I believe this delves into relativistic physics so I put this here. If I am incorrect I apologize.(adsbygoogle = window.adsbygoogle || []).push({});

I've been learning about magnetic fields and how they are generated by moving charges. If a charge is moving at some arbitrary speed it generates a magnetic field. This is what I've been taught. So my question is this, what happens to the magnetic field when you move at the same speed as the particle and observe it? Because according to your perspective the particle wouldn't be moving and so (according to what I've been taught) it shouldn't be generating a magnetic field. But from the perspective of a person moving at speeds lower than the particle it would appear to generate a magnetic field.

Does the magnetic field disappear to the person moving at the same speed as the charged particle? And if so then where does it go? If not then why not? If to the person moving at the same speed as the charged particle observes a magnetic field, this would imply that there is an absolute rest at which there is no magnetic field generated. This I know has been shown to be incorrect by Relativistic physics because according to it there is no absolute rest.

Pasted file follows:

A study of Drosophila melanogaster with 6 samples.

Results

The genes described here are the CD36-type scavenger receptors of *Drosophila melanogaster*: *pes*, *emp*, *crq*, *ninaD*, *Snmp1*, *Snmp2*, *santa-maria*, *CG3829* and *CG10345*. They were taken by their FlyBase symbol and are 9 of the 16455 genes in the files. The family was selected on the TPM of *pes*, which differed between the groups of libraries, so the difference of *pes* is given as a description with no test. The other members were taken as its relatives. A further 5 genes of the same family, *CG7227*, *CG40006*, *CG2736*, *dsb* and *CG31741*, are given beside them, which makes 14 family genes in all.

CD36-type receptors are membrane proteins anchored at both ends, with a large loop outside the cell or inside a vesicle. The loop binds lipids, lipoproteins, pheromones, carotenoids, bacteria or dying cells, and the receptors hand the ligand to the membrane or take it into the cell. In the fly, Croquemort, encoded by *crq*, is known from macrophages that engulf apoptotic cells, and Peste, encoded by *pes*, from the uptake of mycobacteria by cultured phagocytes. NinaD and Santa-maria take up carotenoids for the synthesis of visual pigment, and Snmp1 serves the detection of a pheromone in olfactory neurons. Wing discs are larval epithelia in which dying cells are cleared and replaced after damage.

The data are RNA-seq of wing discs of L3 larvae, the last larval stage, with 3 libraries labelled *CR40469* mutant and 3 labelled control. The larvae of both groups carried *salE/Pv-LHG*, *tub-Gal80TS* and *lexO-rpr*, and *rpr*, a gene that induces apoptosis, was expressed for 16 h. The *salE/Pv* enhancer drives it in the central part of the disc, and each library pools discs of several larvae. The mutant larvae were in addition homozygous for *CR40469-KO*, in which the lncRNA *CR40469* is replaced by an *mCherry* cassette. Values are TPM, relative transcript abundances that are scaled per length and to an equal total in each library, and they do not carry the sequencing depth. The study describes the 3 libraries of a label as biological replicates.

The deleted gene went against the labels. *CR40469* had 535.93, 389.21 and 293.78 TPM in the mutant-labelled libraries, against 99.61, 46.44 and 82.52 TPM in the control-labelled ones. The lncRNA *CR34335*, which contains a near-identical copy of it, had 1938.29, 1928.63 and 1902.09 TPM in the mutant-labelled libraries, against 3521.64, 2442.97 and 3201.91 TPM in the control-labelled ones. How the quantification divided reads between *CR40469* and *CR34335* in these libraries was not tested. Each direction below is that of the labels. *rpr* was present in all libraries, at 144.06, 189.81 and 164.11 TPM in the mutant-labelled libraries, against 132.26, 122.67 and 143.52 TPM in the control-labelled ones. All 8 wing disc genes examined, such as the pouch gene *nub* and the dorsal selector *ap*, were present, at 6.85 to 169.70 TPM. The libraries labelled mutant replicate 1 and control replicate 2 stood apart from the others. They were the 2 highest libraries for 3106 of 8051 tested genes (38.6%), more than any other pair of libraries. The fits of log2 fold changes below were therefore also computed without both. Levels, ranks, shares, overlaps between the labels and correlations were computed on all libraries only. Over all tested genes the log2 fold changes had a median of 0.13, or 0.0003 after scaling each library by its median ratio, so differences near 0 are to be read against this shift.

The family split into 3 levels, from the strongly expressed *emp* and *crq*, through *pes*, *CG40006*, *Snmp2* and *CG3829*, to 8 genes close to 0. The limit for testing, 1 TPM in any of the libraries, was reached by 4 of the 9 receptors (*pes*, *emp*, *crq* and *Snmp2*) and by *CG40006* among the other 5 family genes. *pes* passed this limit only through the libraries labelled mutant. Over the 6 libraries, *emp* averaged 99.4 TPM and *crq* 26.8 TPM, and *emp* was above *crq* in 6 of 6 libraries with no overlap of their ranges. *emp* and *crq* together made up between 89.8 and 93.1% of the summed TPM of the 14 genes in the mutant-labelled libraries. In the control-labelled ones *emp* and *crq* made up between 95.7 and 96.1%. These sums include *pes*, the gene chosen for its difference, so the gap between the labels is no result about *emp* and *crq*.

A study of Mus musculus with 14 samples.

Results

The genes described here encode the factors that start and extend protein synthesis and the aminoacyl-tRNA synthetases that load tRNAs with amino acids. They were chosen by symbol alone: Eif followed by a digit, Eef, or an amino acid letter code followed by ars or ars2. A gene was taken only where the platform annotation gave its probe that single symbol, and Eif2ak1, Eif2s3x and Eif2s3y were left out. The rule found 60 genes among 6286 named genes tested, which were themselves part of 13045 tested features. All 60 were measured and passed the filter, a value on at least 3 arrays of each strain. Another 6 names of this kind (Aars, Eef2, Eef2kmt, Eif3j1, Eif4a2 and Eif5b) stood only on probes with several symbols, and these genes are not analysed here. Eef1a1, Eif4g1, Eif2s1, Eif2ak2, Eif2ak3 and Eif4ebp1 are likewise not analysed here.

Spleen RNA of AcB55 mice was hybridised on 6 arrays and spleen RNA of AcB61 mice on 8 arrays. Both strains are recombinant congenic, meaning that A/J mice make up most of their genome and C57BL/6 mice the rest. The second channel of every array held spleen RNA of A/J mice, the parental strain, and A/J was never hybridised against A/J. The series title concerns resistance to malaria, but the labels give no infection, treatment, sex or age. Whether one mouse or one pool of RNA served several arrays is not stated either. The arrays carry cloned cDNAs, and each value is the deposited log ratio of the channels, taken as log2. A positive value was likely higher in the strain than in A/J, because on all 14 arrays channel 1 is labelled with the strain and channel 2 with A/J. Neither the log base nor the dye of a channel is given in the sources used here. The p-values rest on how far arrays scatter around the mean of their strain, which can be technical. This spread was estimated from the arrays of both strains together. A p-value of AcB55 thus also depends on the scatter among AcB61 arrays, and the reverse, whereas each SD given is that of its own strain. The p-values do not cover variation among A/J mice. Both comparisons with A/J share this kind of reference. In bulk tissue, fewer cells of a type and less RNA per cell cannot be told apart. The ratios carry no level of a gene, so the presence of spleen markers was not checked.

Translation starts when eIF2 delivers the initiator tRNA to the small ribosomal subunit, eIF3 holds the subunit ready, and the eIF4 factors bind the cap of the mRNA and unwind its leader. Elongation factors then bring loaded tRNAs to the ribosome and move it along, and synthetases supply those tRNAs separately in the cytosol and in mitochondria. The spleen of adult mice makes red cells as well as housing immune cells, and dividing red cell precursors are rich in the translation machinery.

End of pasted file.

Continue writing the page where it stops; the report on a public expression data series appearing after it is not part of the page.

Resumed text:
So in short, what is going on in this situation?

Another quick question having to do with this. If you have a charge that is at rest but you start moving away from it. Then from the relativistic point of view you cannot tell whether it is you who is moving or the charge. So would a magnetic field be generated as you move away from the charge?